The horror game banned for mocking China’s president probably isn’t coming back

Devotion, the Taiwanese horror game that’s been banned in China for the last four months, is probably never coming back to Steam, the developer announced in a Facebook post on Monday.

Devotion, a horror game about a Taiwanese family being manipulated by a religious cult, is the work of Red Candle Games, a game development studio also based in Taiwan.

Devotion clearly took inspiration from other iconic horror games like Hideo Kojima’s P.T. and Layers of Fear. What caught the eye of the Chinese government wasn’t its horrifying imagery, but rather an art asset that contained a joke mocking Chinese President Xi Jinping.

The asset in question was a poster on the wall in a family’s apartment, the game’s main setting. Using Taiwanese and Chinese Mandarin text, the poster read, “Xi Jinping Winnie the Pooh Moron.” The poster is referencing the longstanding joke that Jinping resembles the children’s book and movie character Winnie the Pooh. Media containing or referencing Winnie the Pooh is also currently banned in China due to the association–this includes the 2018 film, Christopher Robin.

“For the past four months, the art asset incident related to Devotion has caused immeasurable harm to Red Candle Games and our partner, (Chinese publisher Indievent),” Red Candle Games wrote in its statement, originally reported on by Vice.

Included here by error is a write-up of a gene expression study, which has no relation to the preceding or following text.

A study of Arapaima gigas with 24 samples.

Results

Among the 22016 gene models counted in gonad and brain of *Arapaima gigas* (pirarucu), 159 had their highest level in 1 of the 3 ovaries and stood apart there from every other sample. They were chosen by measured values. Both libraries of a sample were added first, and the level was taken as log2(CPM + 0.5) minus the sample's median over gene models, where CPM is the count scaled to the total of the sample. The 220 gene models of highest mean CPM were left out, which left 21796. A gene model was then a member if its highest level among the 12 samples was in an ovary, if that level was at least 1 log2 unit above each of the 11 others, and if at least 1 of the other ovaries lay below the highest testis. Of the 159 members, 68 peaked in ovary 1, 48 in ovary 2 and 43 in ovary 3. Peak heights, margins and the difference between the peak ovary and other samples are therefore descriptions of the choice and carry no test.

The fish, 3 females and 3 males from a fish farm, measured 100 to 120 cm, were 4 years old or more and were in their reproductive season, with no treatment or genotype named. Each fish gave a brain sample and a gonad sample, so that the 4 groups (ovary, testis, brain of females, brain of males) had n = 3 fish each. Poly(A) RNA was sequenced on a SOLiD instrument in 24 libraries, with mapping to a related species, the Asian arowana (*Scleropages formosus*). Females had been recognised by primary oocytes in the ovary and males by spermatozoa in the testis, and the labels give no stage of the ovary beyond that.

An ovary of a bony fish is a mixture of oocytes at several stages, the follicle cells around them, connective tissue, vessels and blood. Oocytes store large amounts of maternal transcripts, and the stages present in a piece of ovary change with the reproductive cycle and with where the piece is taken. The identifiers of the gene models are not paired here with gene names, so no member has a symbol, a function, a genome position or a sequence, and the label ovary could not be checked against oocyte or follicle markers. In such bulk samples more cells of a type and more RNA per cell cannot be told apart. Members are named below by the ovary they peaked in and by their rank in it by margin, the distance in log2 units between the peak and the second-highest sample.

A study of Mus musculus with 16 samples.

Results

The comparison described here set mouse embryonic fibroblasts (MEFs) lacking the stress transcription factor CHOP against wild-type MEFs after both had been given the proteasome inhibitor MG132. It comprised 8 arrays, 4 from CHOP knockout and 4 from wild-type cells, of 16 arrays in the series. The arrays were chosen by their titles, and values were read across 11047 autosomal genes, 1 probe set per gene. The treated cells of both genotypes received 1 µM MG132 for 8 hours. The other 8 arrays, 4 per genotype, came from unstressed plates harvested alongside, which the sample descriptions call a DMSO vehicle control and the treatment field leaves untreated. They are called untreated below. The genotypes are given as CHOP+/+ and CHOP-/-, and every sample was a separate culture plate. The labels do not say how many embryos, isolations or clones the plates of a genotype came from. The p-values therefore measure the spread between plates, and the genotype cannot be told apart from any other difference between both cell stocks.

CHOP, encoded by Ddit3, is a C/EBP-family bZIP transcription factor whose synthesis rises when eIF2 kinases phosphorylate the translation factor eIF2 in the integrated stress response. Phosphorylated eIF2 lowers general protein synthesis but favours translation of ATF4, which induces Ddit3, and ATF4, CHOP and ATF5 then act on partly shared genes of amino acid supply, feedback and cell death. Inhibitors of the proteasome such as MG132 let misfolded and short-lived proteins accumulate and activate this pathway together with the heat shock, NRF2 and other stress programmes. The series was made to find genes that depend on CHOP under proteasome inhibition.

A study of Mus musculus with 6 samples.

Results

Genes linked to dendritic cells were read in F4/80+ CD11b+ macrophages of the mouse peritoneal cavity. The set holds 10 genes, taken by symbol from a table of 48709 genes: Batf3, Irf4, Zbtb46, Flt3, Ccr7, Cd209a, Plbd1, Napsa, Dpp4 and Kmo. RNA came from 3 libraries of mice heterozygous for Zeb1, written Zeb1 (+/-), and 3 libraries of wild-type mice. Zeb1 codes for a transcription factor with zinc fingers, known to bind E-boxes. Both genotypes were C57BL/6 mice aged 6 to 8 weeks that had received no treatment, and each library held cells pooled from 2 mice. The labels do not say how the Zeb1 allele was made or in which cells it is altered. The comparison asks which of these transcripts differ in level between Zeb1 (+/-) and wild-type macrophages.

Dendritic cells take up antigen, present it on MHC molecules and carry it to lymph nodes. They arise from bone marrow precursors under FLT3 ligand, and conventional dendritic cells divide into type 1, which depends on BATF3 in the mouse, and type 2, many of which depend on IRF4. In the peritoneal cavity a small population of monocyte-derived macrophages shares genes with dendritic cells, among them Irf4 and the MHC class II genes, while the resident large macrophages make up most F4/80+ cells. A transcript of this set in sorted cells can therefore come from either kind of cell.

The studio extended its apologies to “all impacted teams and personnel,” and is taking full responsibility for any and all losses.

“While mediation is still in progress, Red Candle’s co-founders have reached a unanimous decision to not re-release ‘Devotion’ in the near term, including but not limited to obtaining profit from sales, revision, IP authorization, etc. to prevent unnecessary misconception.” the studio wrote. 

devotion game image 1 Nokzen/YouTube

Red Candle Games, being based in mainland Taiwan, would normally be outside of the reach of China censorship. Its Chinese publishers Indievent and Winking Entertainment, however, are not, and Indievent lost its business license as a result of China’s efforts to censor the game.

Red Candle stated that the inclusion of the political poster was a “malfunction of project management, not a deliberate act.”

Red Candle also stated that it would reconsider releasing Devotion again if the “public would be willing to view this game rationally and allow us the opportunity to rebuild trust with our players.”

Vice has reported that the studio declined to clarify what “view this game rationally” means.

It remains to be seen if Devotion will ever be made available again, but the impact has certainly been felt. Red Candle was criticized by some in the Taiwanese game development community for possibly souring relations between Taiwan and Chinese publishers, according to the Guardian.

It could even prove to be a loss for the video game industry at large. Red Candle’s previous game, Detention, is a surprisingly poignant tale of life under martial law in 1960’s Taiwan, during what historians call the “White Terror.” Mixing occult monsters and political history, Red Candle was able to make a 2D side-scrolling adventure into one of 2017’s most engaging narratives.

The developer is clearly interested in continuing to explore that side of history and the world, but chances for gamers to absorb that may now be far fewer.


Joseph Knoop

Joseph Knoop

Joseph Knoop is a gaming writer for Daily Dot, a native Chicagoan, and a slave to all things Overwatch. He co-founded the college geek culture outlet ByteBSU, then interned at Game Informer, and now writes for a bunch websites his parents have never heard of.